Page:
Rusty Wins It All

After coming close a year earlier, Rusty Wallace put it all together to become a NASCAR champion in 1989.

In the summer of 2019, the NASCAR Hall of Fame enlisted Dale Earnhardt Jr. as our guest curator for the fourth iteration of Glory Road, which would be on display for three full years, starting in January 2020.

When we spoke with Earnhardt, he said he wanted to see only premier series championship cars in the Glory Road exhibit. We took Earnhardt’s advice and assembled 19 cars from 15 drivers who collectively won 46 of the first 71 premier series championships. We then titled the exhibit “Dale Jr.: Glory Road Champions.

Richard Petty and Dale Earnhardt Sr., two seven-time champions from the inaugural Hall of Fame Class of 2010, each were represented by their first and last championship cars. So was fellow seven-time champ Jimmie Johnson, who will be eligible for induction in 2024. Twelve other title-winning cars of past NASCAR champions rounded out Glory Road.

Hard to believe, but time is nearly up for the “Dale Jr.: Glory Road Champions” exhibit, which will leave the Hall of Fame in early January.

After finishing second in points to Bill Elliott in 1988, Rusty Wallace put it all together and won the premier series title in 1989. Photo courtesy of Jamey Price.

With that impending deadline approaching, today’s blog post features Rusty Wallace’s championship Pontiac Grand Prix from 1989.

A member of the NASCAR Hall of Fame Class of 2013, Wallace already was a rising star in NASCAR in the 1980s, having won rookie of the year honors in 1984, and finishing fifth in points in 1987 before narrowly losing the championship to fellow Hall of Fame Bill Elliott (2015) a year later.

The 1989 championship came down to the final race, but in the end, Rusty Wallace had enough to hold off Dale Earnhardt and take home the title. Photo courtesy of NASCAR Archives & Research Center

In 1989, while driving for car owner Raymond Beadle, Wallace had a year that was slightly worse statistically than the season he had in ’88, when he was runner-up to Elliott. Wallace won six races in 1989, the same as he did a year earlier, but his top-five finishes fell from 19 to 13, his top 10s decreased from 23 to 20 and his DNFs increased from two in 1988 to four in 1989.

That said, Wallace started off the ’89 season hot, winning three of the first six races, earning victories at Rockingham, Richmond and Bristol, three smaller tracks where he excelled.

Rusty Wallace’s Pontiac was prominently featured in ads for Mobil lubricants in 1989. NASCAR Hall of Fame Permanent Collection

Then controversy erupted in a big way. On the penultimate lap of The Winston, NASCAR’s big-dollar all-star event at Charlotte Motor Speedway in May, Wallace sent leader Darrell Waltrip spinning coming out of Turn 4 while heading to the white flag. Wallace won the race and the $200,000 first-place purse, but the two crews got into a massive brawl in the garage that required police intervention to break up.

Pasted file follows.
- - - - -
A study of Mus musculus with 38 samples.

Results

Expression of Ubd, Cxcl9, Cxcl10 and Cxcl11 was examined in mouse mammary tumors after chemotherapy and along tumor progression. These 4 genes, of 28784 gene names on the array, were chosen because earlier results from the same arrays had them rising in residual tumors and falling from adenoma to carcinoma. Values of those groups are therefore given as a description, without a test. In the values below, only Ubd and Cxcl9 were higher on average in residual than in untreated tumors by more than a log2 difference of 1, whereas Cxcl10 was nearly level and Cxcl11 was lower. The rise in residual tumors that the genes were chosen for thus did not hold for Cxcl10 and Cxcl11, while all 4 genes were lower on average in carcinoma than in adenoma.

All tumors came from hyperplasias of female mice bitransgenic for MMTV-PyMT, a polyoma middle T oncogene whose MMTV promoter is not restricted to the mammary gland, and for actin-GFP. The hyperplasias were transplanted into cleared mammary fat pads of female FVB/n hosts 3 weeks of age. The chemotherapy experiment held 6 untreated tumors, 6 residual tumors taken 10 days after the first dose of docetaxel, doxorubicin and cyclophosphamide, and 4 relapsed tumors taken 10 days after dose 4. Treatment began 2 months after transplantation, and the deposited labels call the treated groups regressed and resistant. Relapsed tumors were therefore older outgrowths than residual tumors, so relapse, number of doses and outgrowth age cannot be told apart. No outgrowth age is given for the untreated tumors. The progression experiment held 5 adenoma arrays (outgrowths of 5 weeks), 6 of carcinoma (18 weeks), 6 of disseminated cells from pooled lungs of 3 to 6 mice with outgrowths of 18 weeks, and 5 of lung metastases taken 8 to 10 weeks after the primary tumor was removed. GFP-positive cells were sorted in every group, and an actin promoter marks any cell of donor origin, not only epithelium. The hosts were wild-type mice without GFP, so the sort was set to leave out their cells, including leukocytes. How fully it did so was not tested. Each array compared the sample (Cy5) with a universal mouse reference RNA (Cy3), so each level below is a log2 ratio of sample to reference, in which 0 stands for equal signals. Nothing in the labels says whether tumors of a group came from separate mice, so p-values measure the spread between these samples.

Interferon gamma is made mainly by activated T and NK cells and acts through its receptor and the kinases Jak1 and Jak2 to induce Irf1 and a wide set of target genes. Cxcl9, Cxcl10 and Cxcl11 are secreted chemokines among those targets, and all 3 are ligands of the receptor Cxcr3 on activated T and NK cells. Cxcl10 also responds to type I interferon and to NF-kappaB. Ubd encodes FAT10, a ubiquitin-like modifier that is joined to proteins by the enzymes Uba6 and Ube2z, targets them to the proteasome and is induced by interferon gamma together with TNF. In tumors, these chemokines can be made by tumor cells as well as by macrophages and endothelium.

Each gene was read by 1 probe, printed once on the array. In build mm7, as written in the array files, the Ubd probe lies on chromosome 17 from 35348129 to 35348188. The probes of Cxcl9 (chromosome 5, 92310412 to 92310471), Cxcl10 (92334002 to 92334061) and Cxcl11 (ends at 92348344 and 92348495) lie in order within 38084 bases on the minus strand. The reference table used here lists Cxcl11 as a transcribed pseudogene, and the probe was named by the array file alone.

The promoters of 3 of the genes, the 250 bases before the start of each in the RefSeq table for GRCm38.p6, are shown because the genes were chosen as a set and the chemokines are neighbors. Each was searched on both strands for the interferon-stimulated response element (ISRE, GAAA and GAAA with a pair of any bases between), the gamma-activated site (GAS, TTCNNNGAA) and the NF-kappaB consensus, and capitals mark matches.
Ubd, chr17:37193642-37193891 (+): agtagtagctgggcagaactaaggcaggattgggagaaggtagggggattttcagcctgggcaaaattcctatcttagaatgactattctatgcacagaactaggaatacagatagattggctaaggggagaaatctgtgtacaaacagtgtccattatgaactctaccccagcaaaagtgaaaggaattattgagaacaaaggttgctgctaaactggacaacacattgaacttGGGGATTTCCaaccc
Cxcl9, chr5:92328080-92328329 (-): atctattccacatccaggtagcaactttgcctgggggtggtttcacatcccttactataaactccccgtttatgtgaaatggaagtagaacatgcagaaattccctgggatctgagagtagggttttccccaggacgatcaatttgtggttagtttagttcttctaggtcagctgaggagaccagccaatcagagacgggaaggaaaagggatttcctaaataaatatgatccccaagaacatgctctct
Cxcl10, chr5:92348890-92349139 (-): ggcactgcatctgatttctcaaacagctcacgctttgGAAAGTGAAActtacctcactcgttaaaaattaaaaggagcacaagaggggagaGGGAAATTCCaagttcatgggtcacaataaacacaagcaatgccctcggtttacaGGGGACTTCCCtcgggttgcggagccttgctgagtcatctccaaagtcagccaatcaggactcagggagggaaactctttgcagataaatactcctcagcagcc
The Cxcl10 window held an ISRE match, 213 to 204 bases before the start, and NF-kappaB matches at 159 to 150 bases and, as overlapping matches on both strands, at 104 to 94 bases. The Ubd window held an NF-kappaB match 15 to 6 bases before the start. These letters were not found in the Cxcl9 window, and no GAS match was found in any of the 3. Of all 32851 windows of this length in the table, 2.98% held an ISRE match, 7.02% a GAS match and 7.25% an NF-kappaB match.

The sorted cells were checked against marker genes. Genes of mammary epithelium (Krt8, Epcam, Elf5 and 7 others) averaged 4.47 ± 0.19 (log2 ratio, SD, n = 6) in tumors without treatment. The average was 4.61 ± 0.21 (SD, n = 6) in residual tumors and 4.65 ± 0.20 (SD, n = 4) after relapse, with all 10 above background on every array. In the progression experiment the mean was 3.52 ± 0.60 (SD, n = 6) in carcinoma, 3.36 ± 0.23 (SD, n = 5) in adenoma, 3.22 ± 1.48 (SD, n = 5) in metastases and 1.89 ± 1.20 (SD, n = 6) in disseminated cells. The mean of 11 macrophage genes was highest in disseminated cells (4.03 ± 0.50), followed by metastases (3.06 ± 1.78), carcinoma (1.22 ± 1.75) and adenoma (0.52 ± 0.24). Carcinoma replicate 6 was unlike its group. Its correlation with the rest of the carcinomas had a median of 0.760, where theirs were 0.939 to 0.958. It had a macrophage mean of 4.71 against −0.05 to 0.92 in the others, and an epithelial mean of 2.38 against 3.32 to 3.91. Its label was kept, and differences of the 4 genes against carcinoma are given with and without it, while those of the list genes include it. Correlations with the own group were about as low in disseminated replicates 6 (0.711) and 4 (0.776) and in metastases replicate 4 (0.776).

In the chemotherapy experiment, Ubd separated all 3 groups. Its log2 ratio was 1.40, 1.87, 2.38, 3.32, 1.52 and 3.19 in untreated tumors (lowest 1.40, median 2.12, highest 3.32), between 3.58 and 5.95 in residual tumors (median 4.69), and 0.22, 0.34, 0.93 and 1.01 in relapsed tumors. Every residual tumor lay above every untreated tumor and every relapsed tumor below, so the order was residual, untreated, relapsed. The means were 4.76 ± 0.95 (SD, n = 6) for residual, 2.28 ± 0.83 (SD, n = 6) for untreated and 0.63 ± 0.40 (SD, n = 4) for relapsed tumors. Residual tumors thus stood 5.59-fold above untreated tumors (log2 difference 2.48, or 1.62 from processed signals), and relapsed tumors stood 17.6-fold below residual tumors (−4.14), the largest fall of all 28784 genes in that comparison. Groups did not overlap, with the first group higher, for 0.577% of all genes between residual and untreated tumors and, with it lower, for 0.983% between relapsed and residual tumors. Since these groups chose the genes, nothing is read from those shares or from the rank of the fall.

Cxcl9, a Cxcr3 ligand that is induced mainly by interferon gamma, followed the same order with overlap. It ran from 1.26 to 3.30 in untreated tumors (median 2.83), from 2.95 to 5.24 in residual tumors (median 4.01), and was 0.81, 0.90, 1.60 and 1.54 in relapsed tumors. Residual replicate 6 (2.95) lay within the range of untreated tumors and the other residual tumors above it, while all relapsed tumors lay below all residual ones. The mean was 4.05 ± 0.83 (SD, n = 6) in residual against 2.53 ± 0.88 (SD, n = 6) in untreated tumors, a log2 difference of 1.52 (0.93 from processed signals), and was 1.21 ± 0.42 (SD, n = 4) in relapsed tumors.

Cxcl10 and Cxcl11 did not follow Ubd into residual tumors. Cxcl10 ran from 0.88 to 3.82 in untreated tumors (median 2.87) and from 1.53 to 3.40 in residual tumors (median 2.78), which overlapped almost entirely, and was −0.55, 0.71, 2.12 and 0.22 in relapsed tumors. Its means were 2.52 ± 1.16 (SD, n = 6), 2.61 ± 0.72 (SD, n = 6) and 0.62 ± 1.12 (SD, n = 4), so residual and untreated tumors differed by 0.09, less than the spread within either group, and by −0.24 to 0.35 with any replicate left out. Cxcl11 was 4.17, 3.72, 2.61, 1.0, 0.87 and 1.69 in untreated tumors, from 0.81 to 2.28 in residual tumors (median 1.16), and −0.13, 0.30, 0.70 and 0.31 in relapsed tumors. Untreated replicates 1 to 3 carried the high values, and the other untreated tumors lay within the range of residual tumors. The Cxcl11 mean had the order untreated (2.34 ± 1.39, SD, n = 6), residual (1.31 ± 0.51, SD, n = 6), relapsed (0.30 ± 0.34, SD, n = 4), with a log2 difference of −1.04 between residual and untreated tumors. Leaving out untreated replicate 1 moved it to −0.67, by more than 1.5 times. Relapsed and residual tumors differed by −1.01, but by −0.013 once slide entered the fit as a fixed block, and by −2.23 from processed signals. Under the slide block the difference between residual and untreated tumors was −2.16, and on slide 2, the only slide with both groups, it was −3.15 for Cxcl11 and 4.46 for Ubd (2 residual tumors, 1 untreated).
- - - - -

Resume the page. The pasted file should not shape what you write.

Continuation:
“I hope Rusty chokes on that $200,000. He knocked the hell out of me,” Waltrip famously said of Wallace after the race. The incident created a fan backlash against Wallace that carried on through much of the summer.


— Darrell Waltrip

The criticism stung Wallace.

“I’ll tell anyone, I don’t like to hear the boos,” Wallace told Shav Glick of the Los Angeles Times. “I can’t believe that one little bumping can change one guy (Waltrip) from a jerk to a good guy, and another guy, me, from a good guy to a jerk.”

Controversy or not, there was still racing to do. After going more than four months without a victory after the three early season wins, Wallace got back to Victory Lane in mid-August, capturing successive wins on the Watkins Glen road course and at Michigan.

The Watkins Glen race began a streak of 10 consecutive finishes of eighth or better for Wallace. The Missouri driver took over the points lead with five races to go and held on to win the title by 8 points over Dale Earnhardt. This despite Wallace ending the ’89 season with finishes of 16th at Phoenix and 15th at Atlanta. Along with the title, Wallace posted then-record earnings of $2,237,950.

A 15th-place finish in the final race of the season was enough to secure Rusty Wallace the 1989 NASCAR title. Photo courtesy of NASCAR Archives & Research Center

Wallace and team owner Raymond Beadle had an acrimonious falling out the following season, with Beadle leaving the sport at the end of the year never to return. Happily for Wallace, in 1992, he teamed up with Hall of Fame team owner Roger Penske, who he would drive for until his retirement following the 2005 season. Wallace scored 37 of his 55 career race victories while driving for Penske, and the two racers remaining close friends to this day.

Although Wallace enjoyed great success with Penske, including a 10-win season in 1993, his lone premier series championship came behind the wheel of the No. 27 Pontiac, which will be on Glory Road until the first week of January 2023.

Tom Jensen

Tom Jensen

Tom is the Curatorial Affairs Manager of the NASCAR Hall of Fame and a veteran of more than 20 years in the NASCAR media industry.